Science Says This Is How Long Foreplay *Actually* Lasts

by Kristine Fellizar
BDG Media, Inc.

As many women already know, foreplay is super important. Great foreplay can not only heighten arousal and amp up your sex life in the best possible ways, but it can also bring you closer to your partner. But how long should foreplay last?

"For men and women, any type of foreplay that involves touching and showing shared caring intimacy helps with the release of oxytocin and other 'love' hormones," Dr. Steve McGough, associate professor of clinical sexology and director of research and development at Women and Couples Wellness, tells Bustle. According to him, these hormones both enhance the sexual experience, increase intimacy, and help reduce the effects of cortisol and other stress hormones. So clearly, foreplay is beneficial for everyone.

A 2004 study published in the Journal of Sex Research conducted a study of 152 heterosexual couples on the amount of time they spent engaging in foreplay and intercourse, as well as the amount of time they wish they were. Despite a common belief that men aren't too into foreplay, this study proves otherwise. In fact, both men and women say they want foreplay to last about the same amount of time at 18 and 19 minutes. But as research found, foreplay typically lasts about 11 minutes for women and 13 minutes for men. So it's not too bad, but could be better. “Foreplay is the most important part of the sexual act for women," Saketh Guntupalli, gynecologic oncologist at UC Health and co-author of Sex and Cancer tells Bustle. "During foreplay, we release hormones that arouse our desire for an intimate connection. That heightened desire can intensify our satisfaction."

And ho doesn't want intensified pleasure? So if you're looking for ways to make foreplay better or to make it last even longer, here are some expert-given tips and tricks you should know:


Focus On The Three Most Sensitive Parts Of Your Body

Three super sensitive parts of a woman’s body are her lips, nipples, and clitoris, with the clitoris containing an amazing eight thousand nerve endings, Guntupalli says. "There is an obvious practical reason why a human being’s hands are sensitive, but the only reason these other three areas are so receptive to sensation is pleasure," he says. "We are designed for pleasure. Finding out what stimulates you or your partner might involve conversation and experimentation for the foreplay to be successful for both of you.”


Start Outside Of The Bedroom

"Foreplay doesn’t have to be solely restricted to the bedroom," Rori Sassoon, relationship expert and CEO and Co-Founder of premier matchmaking service Platinum Poire tells Bustle. So send a sexy message or two to your partner while you’re both at work or going about your daily routines.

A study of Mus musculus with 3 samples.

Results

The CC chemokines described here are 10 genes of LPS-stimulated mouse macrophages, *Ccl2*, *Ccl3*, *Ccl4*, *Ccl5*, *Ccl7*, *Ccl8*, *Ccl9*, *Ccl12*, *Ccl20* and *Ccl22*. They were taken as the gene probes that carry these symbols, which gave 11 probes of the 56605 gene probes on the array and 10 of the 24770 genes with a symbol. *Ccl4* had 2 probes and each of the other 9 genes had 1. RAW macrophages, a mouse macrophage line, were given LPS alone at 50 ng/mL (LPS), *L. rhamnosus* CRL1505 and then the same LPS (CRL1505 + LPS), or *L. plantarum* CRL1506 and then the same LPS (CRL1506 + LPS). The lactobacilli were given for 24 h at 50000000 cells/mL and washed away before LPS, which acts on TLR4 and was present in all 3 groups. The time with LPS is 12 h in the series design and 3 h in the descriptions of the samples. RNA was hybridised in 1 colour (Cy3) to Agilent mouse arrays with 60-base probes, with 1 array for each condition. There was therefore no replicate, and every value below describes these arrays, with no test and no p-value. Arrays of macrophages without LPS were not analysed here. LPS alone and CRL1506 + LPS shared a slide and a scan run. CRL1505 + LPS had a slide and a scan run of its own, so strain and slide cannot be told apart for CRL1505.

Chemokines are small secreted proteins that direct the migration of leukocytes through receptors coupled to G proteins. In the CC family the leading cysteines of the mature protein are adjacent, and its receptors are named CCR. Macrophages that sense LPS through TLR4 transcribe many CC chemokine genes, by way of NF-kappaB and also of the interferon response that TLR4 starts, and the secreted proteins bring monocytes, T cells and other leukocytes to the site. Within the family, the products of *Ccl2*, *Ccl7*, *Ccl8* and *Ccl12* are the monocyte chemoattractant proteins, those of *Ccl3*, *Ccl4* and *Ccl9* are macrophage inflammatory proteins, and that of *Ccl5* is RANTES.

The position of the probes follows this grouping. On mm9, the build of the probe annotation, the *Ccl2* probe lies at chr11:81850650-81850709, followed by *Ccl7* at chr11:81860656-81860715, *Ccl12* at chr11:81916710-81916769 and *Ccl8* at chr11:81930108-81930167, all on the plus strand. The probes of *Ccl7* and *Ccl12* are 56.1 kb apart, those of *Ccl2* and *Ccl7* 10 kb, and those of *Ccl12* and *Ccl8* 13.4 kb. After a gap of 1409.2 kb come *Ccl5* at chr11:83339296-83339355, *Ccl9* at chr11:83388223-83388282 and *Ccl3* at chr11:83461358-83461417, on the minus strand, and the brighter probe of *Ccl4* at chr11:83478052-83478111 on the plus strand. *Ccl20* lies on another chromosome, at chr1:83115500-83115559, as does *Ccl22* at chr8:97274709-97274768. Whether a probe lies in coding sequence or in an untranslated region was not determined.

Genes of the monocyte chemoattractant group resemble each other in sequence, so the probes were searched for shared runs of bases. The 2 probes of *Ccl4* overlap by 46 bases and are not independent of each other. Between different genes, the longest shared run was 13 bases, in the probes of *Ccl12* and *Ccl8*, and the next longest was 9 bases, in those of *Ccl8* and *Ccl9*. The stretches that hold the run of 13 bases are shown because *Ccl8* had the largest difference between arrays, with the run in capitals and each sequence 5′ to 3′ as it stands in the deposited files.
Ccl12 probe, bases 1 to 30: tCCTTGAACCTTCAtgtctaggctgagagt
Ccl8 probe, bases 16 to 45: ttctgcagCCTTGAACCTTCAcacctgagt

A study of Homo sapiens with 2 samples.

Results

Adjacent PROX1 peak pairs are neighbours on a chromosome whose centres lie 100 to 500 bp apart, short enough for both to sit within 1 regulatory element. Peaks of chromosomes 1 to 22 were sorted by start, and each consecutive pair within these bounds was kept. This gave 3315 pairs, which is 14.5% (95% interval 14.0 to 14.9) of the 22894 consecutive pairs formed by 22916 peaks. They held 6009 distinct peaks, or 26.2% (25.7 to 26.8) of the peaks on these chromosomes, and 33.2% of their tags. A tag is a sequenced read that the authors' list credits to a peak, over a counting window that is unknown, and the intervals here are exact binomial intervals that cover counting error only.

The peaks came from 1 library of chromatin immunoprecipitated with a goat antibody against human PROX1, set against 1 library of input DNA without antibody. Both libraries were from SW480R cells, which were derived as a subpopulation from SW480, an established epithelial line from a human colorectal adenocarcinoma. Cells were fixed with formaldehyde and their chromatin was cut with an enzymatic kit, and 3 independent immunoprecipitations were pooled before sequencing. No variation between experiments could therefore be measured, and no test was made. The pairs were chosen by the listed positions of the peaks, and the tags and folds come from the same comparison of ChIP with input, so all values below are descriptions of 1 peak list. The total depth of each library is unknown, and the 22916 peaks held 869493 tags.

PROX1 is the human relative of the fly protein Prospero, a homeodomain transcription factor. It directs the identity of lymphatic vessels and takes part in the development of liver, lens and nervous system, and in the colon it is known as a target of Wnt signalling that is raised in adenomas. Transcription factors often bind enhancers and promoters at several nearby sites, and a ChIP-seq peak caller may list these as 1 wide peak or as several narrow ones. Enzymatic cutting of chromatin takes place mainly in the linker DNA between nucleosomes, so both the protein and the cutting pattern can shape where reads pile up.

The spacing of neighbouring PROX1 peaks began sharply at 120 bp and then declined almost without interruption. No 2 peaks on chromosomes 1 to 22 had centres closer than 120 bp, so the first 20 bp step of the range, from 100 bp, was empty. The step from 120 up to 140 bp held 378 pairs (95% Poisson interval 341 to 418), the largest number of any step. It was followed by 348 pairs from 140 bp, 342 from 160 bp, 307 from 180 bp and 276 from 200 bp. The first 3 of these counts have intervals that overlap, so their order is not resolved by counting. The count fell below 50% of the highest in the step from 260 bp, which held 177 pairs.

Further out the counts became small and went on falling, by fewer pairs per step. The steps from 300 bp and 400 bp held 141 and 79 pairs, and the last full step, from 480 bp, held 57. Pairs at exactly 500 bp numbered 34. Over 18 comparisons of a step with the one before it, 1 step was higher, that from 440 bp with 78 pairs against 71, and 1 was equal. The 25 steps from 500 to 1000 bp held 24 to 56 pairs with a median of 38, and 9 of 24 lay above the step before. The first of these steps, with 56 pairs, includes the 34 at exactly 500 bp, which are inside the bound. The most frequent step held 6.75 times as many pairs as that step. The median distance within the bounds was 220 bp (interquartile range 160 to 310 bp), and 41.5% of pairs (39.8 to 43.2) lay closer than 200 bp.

"A whole day of anticipation can build up some seriously fun sexual tension," she says.


Don't Be Afraid Of Dirty Talk

Don't be afraid to talk and walk your partner through the details of what you like in sexy manner. "This can be beneficial to both of you, getting your partner to do what you know turns you on while giving a little dirty talk is a total win-win," Sassoon says.


Take The Time To Undress Slowly

Take your time and undress your partner slowly. Allow them to feel your skin touch theirs while you take off their clothing piece by piece. "It’s a huge turn-on to see the anticipation in your partner's eyes," she says.


Make Your Hands Your Best Friends

Don’t feel weird introducing lube or heated oils to the bedroom. Pouring a little on the body before fully indulging can be very sexy. Everyone loves massages, Sassoon says, so start with the back and work your way down, exploring every part your partner's body.


Use Your Senses

"Pick either sight, sound, taste, touch, or smell, and try modifying your usual approach to see what your partner may enjoy," Shadeen Francis, MFT, a marriage and family therapist specializing in sex therapy and social justice tells Bustle.

For example, with sight you could try blindfolding your partner, stimulating one another by candlelight, or increasing your eye contact and watching them as they experience pleasure. For touch, try different textures or pressure of touch. Do they prefer your touch to be light and soft like a feather, or firm like a massage or a spanking? Figure it out and go for it!


Eroticize The Setting

"The brain is the largest sex organ," Kelli Young, sex therapist and developer of the bee2gether vibe tells Bustle. "It’s difficult for your body to become turned on if your brain isn’t." So, set the stage for a sexy good time. That could mean lighting candles, turning up the sexy music, putting on your favorite perfume, or playing out an erotic fantasy. The possibilities are endless. "Use your imagination," Young says.



"Let your partner know what feels good so that he or she can do more of it," Young says. That means use your words, make those appreciative noises and gestures, and guide your partner in how you like to be pleasured. "Constructive feedback is important," she says. "But be sure to avoid harsh criticisms—that’s a real buzzkill!"

So foreplay can do some good for everyone. Since most of us would like to be doing it for about 20 minutes, hopefully these tips can help you prolong your foreplay for at least five minutes longer.